In the four short years since Facebook passed 100 million global active users back in August 2008, social networking has gone mainstream and Facebook’s own active user base now numbers in excess of 955 million. Facebook had many predecessors (MySpace, Hyves, Friendster, Orkut to name but a few) but it achieved what none of them did: it created a service that mainstream consumers adopted in their droves. Yet despite this success, and as Facebook nears the 1 billion user mark, there remains a niggling worry which stubbornly refuses to go away: has Facebook actually taken social networking mainstream or has it just taken Facebook mainstream?
Facebook Has Created a Two-Speed Social Network Landscape
Facebook’ dominance of social networking is clear and its 955+ million user count stands head and shoulders above the rest (see figure). Twitter is the closest challenger with less than a fifth of Facebook’s active user count, and Google+, despite bold early moves remains approximately a tenth of Facebook’s scale with 100 million active users. Beyond those key players the social network long tail rapidly fragments into niche sites and also-rans. What is becoming apparent is that a two-speed social network landscape is emerging with Facebook effectively a lap ahead of the best-of-the-rest. In short, Facebook has won the race for the mainstream consumer.
The Importance of Network-Effect Scale
There are many reasons for Facebook’s success, but being all things to all people is centre stage, and in the mass-market scale game there is currently only space for one winner, with success intimately tied to ubiquity. Facebook has the benefit of a crucially important asset: network -effect- scale. Because the majority of people’s contacts are on Facebook it is the network they opt into, thus increasing the number of other people’s contacts, and so on in a continual virtuous circle. And as mainstream consumers don’t want the hassle of maintaining multiple social networks, a winner-takes-all scenario emerges.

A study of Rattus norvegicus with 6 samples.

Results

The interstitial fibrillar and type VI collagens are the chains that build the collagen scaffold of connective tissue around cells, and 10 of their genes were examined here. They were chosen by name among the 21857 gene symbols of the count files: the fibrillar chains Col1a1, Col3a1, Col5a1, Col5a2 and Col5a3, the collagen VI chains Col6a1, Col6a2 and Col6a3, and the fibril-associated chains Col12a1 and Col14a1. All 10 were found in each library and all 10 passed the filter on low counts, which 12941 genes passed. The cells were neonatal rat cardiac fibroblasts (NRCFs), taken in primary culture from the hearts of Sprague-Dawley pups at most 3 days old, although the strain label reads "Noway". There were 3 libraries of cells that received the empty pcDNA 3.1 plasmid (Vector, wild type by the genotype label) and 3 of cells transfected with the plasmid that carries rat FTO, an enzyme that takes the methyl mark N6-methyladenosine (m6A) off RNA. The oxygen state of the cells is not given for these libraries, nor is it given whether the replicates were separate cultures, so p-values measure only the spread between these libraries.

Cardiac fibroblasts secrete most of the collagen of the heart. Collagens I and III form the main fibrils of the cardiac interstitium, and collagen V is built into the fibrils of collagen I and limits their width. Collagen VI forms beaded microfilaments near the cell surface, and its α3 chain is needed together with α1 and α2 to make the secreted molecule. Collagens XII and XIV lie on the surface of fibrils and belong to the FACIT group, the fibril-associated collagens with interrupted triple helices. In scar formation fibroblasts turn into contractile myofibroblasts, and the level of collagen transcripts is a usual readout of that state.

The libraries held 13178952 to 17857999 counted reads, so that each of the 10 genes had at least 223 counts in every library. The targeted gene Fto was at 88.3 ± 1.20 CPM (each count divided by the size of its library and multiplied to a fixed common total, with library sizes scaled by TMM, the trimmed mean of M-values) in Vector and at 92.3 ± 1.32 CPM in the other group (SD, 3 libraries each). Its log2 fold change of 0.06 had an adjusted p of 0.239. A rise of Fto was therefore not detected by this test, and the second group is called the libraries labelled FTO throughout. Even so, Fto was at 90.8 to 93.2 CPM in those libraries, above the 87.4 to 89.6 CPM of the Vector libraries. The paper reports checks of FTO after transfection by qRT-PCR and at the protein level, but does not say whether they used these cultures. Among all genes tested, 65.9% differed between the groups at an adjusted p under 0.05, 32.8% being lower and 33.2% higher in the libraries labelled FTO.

Twitter and LinkedIn owe their success to not competing with Facebook for the mass market consumer: they deliver value to their users as a complement to Facebook rather than as an alternative (at least in most cases). Long term success for generalist social networks such as Google+ though depends explicitly on taking users and user hours away from Facebook. The challenge for Google+ is that those entrenched mainstream Facebook users are not going to be wowed by features or functionality. If they will ever shift from Facebook it will be because of the same reason they went there in the first place: they will go where their friends and family are.
Facebook’s Velvet Handcuffs
Thus the network-effect acts as velvet handcuffs for mainstream Facebook fans. What Google+ is banking on is that enough of the more sophisticated users get swayed by features and functionality, in turn starting the crank wheel of the network effect. Which is exactly why Facebook is so actively integrating content partners such as Spotify into its platform: the more content experiences Facebook can funnel through its platform, the more reason there is for sophisticated users to remain loyal. If friends and family are the velvet handcuffs for the mainstream user, then content plays the same role for the sophisticated user. (For more on Facebook’s Socially Integrated Web Strategy see this free Music Industry Blog report).
As things stand, when Facebook does hit 1 billion users it will say more about its own success than it will about the overall health of the social network landscape. The catalyst for Facebook’s network-effect was the foundational principle of connecting people, and the human need to connect is the behavioural glue that ties Facebook together. Mainstream consumer inertia is the most powerful force in the social network marketplace today, not innovation. This is not to say that social networking will remain defined by a mass market monopoly in perpetuity, but it will until (or if) mainstream consumers acquire the tolerance – or need – for more than one social network. Until then, social networking will remain a two-speed marketplace.
I will be building upon these ideas and others in a forthcoming Giga Om Pro report ‘Facebook and the Two Speed Evolution of Social Networking’ Watch this space for more details.